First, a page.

Bombs in Baghdad's mostly Shiite district of Sadr City killed at least 12 people late on Thursday, security officials said, a day after the capital suffered its worst attacks in more than a month.
The latest spike in attacks -- two security force members were also killed in separate incidents -- comes amid discussions between Baghdad and Washington over whether to keep an American training mission in Iraq beyond 2011.
At least two roadside bombs detonated at around 8:30 pm (1730 GMT) in Al-Hay market in the northern Baghdad district, officials from the interior and defence ministries said.
The defence ministry official said two blasts killed 12 people and wounded 18, while the interior ministry official said three bombs exploded, killing 18 people and wounding 43.
Both officials, who spoke on condition of anonymity, said women and children were among the casualties, while the interior ministry official said six policemen and three soldiers were among the wounded.
Also on Thursday, police arrested more than 300 men allegedly "involved in implementing terrorist and criminal attacks against security forces," according to Major General Fadhel Raddad, police chief of central Babil province, where the arrests were carried out.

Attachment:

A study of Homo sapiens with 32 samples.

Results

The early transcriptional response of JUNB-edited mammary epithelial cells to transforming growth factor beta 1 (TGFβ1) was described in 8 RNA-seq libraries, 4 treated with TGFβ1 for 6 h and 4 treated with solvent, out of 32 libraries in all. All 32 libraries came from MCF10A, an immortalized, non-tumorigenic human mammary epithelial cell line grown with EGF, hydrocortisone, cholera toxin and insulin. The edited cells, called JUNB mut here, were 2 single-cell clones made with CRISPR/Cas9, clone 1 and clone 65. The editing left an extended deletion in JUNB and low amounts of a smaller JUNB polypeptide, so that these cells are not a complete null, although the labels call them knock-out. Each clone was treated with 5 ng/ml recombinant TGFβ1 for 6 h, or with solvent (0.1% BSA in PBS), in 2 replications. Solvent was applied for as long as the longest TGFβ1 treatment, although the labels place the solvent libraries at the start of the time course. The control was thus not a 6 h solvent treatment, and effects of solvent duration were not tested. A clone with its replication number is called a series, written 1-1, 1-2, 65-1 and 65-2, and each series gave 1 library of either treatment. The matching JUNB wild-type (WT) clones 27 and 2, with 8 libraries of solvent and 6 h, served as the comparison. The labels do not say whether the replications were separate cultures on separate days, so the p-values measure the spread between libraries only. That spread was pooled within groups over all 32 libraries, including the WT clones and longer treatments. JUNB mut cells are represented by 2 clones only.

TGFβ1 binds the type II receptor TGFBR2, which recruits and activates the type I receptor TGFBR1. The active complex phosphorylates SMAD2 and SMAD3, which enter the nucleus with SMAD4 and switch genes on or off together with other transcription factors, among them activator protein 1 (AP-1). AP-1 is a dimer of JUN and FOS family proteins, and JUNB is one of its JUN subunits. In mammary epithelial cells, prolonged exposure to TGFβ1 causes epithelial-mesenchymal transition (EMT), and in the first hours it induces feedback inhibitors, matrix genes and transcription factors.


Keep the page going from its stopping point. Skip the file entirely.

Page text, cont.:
Thursday's violence came a day after a spate of attacks in the capital mainly targeting security forces, including two suicide car bombs minutes apart against police stations, killed 23 people and wounded more than 70.
Those apparently coordinated attacks were the deadliest to hit the capital since August 28, when a suicide attack blamed on Al-Qaeda at Baghdad's biggest Sunni mosque killed 28 people, including an MP.
The attacks come with less than three months to go before a year-end withdrawal deadline for the roughly 41,000 US soldiers currently in Iraq, with Baghdad and Washington yet to reach an accord on a post-2011 training mission.
Despite a decline in violence nationwide since its peak in 2006 and 2007, attacks remain common. A total of 185 Iraqis were killed in violence in September, according to official figures.